Good ocean survival conditions have made for a Southeast chinook harvest quota that is the highest since the signing of the original Pacific Salmon Treaty Agreement in 1985.
The treaty covers fish that are spawned in either the United States or Canada, but that are caught in both countries. It does not include hatchery fish, for which there is no quota.
Southeast fishermen will be able to catch 373,870 treaty chinook, about 8,000 more than last year.
"We're forecasting that there will be very high abundance of chinook in most areas of the coast this year," said Scott McPherson, the Department of Fish and Game's Chinook Technical Committee representative.
Fish and Game said the favorable survival conditions allowed for strong returns of most chinook stocks to rivers from Oregon up to Alaska.
Mark Vinsel, executive director of the United Fishermen of Alaska, said the increase demonstrates the overall health of salmon fisheries.
"Considering that more people are asking for Alaska wild salmon, it will be good to have more," he said.
Vinsel commented that domestic demand has been rising for wild salmon because of various news reports discussing its health benefits and the drawbacks of farmed salmon.
The quota breaks down to 279,350 fish for commercial trollers, 69,840 fish for sport fishermen, 16,080 for commercial purse seiners and 8,600 for commercial gillnetters.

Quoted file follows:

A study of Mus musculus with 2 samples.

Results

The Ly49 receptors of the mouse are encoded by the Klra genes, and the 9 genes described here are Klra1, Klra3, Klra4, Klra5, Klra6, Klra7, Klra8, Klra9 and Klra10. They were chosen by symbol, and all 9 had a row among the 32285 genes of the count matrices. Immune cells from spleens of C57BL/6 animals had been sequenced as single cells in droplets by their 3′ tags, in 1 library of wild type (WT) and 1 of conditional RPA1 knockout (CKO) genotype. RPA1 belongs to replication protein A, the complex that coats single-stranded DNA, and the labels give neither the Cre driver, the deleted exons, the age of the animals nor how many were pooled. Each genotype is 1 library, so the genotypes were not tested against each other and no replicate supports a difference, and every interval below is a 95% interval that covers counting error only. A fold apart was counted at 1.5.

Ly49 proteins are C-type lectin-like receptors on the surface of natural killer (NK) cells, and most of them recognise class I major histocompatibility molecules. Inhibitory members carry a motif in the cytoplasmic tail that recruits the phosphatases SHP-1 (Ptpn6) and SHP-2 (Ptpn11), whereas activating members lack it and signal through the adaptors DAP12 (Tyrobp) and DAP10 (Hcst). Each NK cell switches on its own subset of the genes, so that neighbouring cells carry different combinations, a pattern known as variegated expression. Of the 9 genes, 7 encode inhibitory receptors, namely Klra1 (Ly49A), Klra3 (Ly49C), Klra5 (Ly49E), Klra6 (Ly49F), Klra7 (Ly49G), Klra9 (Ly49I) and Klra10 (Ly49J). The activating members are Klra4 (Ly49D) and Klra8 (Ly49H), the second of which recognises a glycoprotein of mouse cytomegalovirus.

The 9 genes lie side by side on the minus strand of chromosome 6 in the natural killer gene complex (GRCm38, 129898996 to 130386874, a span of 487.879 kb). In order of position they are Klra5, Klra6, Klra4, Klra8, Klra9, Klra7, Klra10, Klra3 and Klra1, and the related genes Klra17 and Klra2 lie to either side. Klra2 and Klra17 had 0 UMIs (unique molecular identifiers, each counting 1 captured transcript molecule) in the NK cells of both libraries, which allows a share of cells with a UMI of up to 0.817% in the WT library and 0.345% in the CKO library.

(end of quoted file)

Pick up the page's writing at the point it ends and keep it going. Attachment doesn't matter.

While this season's quota is the highest since 1985, McPherson said there have been comparable abundance levels in the past, particularly in the late 1980s and early 1990s. But back then, the treaty specified a fixed-catch ceiling of 263,000 per year for Southeast, regardless of the abundance. Alaska proposed going to abundance-based management in 1995, and that was incorporated into the new treaty in 1999.
The abundance-based management also allows the quota to go below 263,000 when abundance is low, and that happened in 1999, 2000 and 2001, McPherson said.
This year's abundance index is 1.83, up from 1.79 last year. The index represents the year's returns relative to average returns between 1979 and 1982. For example, this year's ratio means that for every 100,000 salmon in the area between 1979 and 1982 there are now 183,000 salmon.